Friday, December 19, 2008

The Very Large Man Who Will Make Rick Warren Look Very Small

the man who will make Rick Warren look very, very small at the inauguration -- the civil rights giant who will deliver the benediction, the Rev. Dr. Joseph Lowery. On February 7, 2006, the pro-equality Lowery bid farewell to Coretta Scott King, another icon of the civil rights movement who was a long supporter of LGBT rights.

The video and transcript:

REVEREND JOSEPH LOWERY: What a family reunion. Rosa and Martin reminiscing, they had just begun to talk, when Martin seemed not to listen. He started to walk. The wind had whispered in his ear. "I believe somebody is almost here. Excuse me, Rosa," Martin said as he did depart, his soles on fire, he just couldn't wait. His spirit leaped with joy as he moved toward the pearly gates. Glory, glory, hallelujah. After forty years, almost forty years, together at last, together at last, thank God Almighty, together at last!

Thank you, Coretta. Didn't she carry her grief with dignity? Her growing influence with humility? She secured his seed, nurtured his nobility she declared humanity's worth, invented their vision, his and hers, for peace in all the Earth. She opposed discrimination based on race, she frowned on homophobia and gender bias, she rejected on its face. She summoned the nations to study war no more. She embraced the wonders of a human family from shoulder to shoulder. Excuse me, Maya.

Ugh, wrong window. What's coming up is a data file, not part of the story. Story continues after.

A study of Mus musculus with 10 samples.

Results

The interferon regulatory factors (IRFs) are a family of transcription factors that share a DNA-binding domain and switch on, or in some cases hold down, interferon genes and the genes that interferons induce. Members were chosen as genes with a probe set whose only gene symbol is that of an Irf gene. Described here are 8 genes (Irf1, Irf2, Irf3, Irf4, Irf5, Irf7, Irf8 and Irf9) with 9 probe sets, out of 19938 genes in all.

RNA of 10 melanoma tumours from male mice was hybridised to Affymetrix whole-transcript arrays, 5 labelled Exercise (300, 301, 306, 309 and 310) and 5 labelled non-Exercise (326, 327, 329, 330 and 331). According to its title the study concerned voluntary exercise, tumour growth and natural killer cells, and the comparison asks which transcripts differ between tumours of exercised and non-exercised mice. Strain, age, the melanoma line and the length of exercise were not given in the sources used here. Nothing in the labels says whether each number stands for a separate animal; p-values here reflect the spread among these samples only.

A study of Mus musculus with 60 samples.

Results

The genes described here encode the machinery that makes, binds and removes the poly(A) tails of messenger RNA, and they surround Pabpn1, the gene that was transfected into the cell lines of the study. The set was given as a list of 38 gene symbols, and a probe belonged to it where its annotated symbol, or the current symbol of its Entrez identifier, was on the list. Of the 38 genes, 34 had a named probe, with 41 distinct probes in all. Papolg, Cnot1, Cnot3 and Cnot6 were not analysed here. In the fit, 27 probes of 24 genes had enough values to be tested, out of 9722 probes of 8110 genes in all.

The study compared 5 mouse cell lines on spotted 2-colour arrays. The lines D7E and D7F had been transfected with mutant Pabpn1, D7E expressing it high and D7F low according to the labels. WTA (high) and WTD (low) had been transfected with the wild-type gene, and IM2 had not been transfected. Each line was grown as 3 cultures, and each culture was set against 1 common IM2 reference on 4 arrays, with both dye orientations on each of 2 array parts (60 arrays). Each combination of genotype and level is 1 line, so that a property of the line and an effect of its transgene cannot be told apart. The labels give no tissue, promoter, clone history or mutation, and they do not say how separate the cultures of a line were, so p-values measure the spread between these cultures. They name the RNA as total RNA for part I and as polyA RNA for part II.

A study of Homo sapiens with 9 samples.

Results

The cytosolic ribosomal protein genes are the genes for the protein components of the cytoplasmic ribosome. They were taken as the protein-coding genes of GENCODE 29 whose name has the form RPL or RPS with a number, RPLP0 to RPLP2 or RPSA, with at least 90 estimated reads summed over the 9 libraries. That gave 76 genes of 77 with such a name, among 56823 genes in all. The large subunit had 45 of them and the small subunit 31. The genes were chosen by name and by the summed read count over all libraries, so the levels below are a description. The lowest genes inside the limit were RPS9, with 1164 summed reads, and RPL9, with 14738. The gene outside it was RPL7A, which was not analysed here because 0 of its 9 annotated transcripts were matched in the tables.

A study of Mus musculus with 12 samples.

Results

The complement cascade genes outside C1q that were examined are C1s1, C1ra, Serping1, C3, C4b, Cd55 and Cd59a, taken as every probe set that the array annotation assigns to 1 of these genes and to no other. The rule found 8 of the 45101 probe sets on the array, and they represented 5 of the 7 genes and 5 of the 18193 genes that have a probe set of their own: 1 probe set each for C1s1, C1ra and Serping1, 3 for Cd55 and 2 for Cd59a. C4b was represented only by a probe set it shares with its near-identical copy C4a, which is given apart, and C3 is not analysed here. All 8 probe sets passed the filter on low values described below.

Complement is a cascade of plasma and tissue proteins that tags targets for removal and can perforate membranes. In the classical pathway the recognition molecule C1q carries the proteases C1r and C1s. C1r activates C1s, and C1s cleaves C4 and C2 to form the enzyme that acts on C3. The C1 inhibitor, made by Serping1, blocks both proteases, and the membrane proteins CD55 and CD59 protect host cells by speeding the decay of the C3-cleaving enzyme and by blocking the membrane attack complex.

She extended Martin's message against poverty, racism and war. She deplored the terror inflicted by our smart bombs on missions. We know now that there were no weapons of mass destruction over there. But Coretta knew, and we know there are weapons of misdirection right down here. Millions without health insurance, poverty abound. For war, billions more, but no more for the poor.

Well, Coretta had harsh critics. Some no one could please. But she paid them no mind. She kept speaking. As we get older, or so I'm told, we listen in to heaven like the prophets of old. I heard Martin and Coretta say, "do us a favor, Joe, those four little children I spoke of in 1963, they are fine adults now, as all can see. They already know but tell them again. We love them so dear. Assure them we will always be near. Their troubles to bless and sanctify to them their deepest distress. Tell them we believe in them as we know you do. We know their faith in god and their love for each other will see them through. Assure them at the end of the tunnel awaits god's light and we are confident they will always strive for the right. Tell them don't forget to remember that we are as near as their prayer-and never as far and we can rest in peace because they know who and whose they are."

What a family reunion. Thank you, Lord. Just the other day I thought I heard you say Coretta, my child, come on home. You've earned your rest, your body is weary. You have done your best. Her Witness and character always strong. Her spirit, her melody from heaven's song, her beauty warms like the rays of the sun. Good night, my sister. Well done, well done.